If matter could think, then matter would not be matter as currently understood.
Alternatively, thinking would not be thinking as currently understood. One man's modus ponens...
Can abstracta think? Sets count as abstracta. Can a set think? Could the set of primes contemplate itself and think the thought, I am a set, and each of my members is a prime number? Given what we know sets to be from set theory, sets cannot think. It is the same with matter. Given what we know or believe matter to be from current physics, matter cannot think. To think is to think about something, and it is this aboutness or intentionality that proves embarrassing for materialism. I have expatiated on this over many, many posts and I won't repeat myself here. (Here is a characteristic post.) Please remind yourself of the obvious: physics is not materialism. Physics is science; materialism is philosophy.
Thinking involves change but sets, being abstracta, cannot change. Ergo, sets cannot think. Given what we believe thinking to be from current philosophy, matter cannot think. But it clearly does. We are prime examples. So we need to rethink our thinking about thinking.
But couldn't matter have occult powers, powers presently hidden from our best physics, including the power to think? Well, could sets have occult powers that a more penetrating set theory would lay bare? Should we pin our hopes on future set theory? Obviously not. Why not? Because it makes no sense to think of sets as subjects of intentional states. We know a priori that the set of primes cannot lust after the set of evens. It is impossible in a very strong sense: it is broadly logically impossible.
Of course, there is a big difference between sets and brains. We know enough about sets to know a priori that sets cannot think. But perhaps we don't yet know enough about the human brain. So I don't dogmatically claim that matter could not have occult or hidden powers. Maybe the meat between my ears does have the power to think. But then that meat is not matter in any sense we currently understand. And that is my point. You can posit occult powers if you like, and pin your hopes on a future science that will lay them bare; but then you are going well beyond the empirical evidence and engaging in high-flying speculations that ought to seem unseemly to hard-headed empiricistic and scientistic types.
If the meat between our ears has the power to think then maybe thinking is not thinking in whatever sense we currently understand it. We should look for a better understanding of thinking rather than for occult powers in matter That's my point. Sorry to labour it.
Such types are known to complain about spook stuff and ghosts-in-machines. But to impute occult powers, powers beyond our ken, to brain matter does not seem to be much of an improvement. For that is a sort of dualism too. There are the properties and powers we know about, and the properties and powers we know nothing about but posit to avoid the absurdities of identity materialism and eliminativism. There is also the dualism of imagining that matter when organized into human brains is toto caelo different from ordinary hunks of matter. There is also a dualism within the brain as between those parts of it that are presumably thinking and feeling and those other parts that perform more mundane functions. Why are some brain states mental and others not? Think about it. (I have a detailed post on this but I don't have time to find it.)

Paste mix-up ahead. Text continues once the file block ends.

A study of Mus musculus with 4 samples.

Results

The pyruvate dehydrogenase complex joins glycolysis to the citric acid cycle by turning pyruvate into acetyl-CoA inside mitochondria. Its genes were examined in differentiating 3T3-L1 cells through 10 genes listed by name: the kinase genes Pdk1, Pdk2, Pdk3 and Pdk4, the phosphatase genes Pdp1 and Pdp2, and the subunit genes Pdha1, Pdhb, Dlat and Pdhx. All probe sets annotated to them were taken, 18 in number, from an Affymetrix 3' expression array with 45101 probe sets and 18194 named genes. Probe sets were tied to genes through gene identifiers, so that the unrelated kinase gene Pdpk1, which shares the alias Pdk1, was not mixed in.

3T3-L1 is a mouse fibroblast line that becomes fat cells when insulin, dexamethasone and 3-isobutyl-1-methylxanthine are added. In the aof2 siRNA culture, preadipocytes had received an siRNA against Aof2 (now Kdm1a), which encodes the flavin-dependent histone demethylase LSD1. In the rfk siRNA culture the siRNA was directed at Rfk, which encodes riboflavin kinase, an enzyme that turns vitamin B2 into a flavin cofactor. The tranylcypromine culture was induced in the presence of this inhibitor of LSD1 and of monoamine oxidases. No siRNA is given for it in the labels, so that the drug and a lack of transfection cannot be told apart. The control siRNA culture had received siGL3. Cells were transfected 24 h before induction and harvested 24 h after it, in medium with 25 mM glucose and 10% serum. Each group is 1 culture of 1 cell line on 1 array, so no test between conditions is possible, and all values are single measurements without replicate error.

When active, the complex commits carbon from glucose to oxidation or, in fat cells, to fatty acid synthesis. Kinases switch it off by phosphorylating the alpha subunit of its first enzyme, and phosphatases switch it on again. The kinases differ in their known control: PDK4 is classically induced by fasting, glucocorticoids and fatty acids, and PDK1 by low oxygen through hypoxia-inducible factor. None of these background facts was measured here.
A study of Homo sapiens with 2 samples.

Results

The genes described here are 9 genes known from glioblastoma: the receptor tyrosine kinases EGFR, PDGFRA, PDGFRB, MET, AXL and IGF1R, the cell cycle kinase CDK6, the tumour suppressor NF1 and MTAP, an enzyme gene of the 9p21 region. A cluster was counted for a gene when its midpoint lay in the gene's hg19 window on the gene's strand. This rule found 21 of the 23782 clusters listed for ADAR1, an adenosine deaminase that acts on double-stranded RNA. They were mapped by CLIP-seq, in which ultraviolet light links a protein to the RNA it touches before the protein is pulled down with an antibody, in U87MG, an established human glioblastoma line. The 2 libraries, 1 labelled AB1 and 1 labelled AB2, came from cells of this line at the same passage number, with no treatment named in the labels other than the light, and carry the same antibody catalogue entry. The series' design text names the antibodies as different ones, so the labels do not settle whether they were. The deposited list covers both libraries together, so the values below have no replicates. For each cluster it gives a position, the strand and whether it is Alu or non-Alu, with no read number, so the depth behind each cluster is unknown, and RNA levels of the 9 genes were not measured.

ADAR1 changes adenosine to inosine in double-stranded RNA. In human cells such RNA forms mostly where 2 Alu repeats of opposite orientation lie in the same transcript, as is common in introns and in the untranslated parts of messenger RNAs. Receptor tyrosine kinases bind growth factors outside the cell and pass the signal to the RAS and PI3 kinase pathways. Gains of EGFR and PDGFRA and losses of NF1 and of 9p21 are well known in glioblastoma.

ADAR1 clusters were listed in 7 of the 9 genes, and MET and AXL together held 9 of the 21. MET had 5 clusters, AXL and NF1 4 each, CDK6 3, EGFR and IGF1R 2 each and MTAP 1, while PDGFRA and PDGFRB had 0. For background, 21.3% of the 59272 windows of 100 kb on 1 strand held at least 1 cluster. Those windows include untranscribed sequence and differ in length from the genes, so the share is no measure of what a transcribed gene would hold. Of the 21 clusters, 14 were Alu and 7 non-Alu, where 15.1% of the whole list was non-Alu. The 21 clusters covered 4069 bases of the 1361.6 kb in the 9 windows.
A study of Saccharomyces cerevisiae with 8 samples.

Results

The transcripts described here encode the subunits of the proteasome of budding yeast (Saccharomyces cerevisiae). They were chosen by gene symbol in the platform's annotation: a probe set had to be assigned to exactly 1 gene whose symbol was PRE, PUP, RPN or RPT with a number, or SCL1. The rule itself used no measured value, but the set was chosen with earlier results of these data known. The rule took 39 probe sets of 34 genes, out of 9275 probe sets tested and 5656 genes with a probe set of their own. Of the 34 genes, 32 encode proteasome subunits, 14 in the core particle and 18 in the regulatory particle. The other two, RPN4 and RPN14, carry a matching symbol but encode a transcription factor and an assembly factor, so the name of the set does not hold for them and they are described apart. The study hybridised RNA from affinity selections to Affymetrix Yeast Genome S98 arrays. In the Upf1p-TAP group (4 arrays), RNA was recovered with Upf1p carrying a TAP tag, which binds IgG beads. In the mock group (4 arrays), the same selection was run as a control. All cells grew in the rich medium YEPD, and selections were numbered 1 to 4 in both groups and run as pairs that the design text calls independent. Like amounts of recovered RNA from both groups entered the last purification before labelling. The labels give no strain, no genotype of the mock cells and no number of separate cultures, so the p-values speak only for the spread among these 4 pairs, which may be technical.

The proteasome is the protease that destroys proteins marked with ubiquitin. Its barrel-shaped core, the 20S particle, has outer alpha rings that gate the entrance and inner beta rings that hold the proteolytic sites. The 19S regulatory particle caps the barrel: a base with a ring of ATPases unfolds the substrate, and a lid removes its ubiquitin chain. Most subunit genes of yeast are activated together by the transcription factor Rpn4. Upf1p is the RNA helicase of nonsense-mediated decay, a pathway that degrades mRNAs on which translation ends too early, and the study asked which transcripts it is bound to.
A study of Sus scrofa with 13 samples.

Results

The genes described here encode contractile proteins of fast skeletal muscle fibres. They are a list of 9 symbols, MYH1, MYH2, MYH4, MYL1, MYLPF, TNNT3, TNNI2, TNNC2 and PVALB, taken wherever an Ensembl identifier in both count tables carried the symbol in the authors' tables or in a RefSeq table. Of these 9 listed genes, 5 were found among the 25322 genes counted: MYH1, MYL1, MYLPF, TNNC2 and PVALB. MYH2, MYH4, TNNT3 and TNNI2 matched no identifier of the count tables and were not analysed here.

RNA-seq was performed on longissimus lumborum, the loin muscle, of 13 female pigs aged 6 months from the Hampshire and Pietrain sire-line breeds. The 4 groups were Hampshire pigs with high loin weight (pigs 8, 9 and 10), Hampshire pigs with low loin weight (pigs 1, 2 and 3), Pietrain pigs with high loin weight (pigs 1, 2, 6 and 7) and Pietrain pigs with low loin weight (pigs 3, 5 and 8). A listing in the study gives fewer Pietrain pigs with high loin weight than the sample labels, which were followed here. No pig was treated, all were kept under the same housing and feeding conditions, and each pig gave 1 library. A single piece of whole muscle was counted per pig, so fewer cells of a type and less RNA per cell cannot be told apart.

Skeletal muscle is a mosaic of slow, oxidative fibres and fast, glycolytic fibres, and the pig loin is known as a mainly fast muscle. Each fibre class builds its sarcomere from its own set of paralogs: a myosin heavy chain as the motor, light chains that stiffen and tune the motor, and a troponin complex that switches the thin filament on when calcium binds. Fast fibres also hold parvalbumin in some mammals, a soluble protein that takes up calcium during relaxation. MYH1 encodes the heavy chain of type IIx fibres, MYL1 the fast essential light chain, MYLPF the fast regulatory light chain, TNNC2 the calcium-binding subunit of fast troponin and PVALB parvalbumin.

I suppose, like Bill, that there could be further powers inherent in matter as yet unknown to science. But I prefer to work within our present understanding of matter. That means that we have to reconceptualise the mental. And this is proper work for philosophy.
One might ask, Is there a dualism between those parts of a car engine that are propelling the car and those other parts that perform more mundane functions?
The materialist operates with a conception of matter tied to current physics. On that conception of matter, it is simply unintelligible to to say that brains feel or think. If he nonetheless ascribes mental powers to matter, then he abandons materialism for something closer to panpsychism.
But we could also say that the antimaterialist operates with a conception of thinking tied to late nineteenth century philosophical phenomenology, and on that conception of thinking it is simply unintelligible to say that brains think or feel.
It is worth noting that the reverent gushing of the neuro-scientistic types over the incredible complexity (pound the lectern!) of the brain does absolutely nothing to reduce the unintelligibility of the notion that it is brains or parts of brains that are the subjects of intentional and qualitative mental states. For it is unintelligible how ramping up complexity can trigger a metabasis eis allo genos, a shift into another genus. Are you telling me that meat that means is just meat that is more complex than ordinary meat? You might as well say that the leap from unmeaning meat to meaning meat is a miracle. Some speak of 'emergence.' But that word merely papers over the difficulty, labeling the problem without solving it. Do you materialists believe in miracle meat or mystery meat? Do you believe in magic? In a young girl's brain?
Of course, greater complexity pure and simple cannot be the whole story. The organisation of matter is clearly significant. The contrast between a single-celled living organism and a similar quantity of inert matter is one primarily of structure, though that structure will possess some minimal level of complexity also. Does this count as a shift into another genus? If so, does that mean we must accept a fundamental duality of the living and the non-living, just as we are asked to accept a duality of the mental and the material? Better to say that living is what suitably organised matter can do. Likewise thinking. Which is mysterious.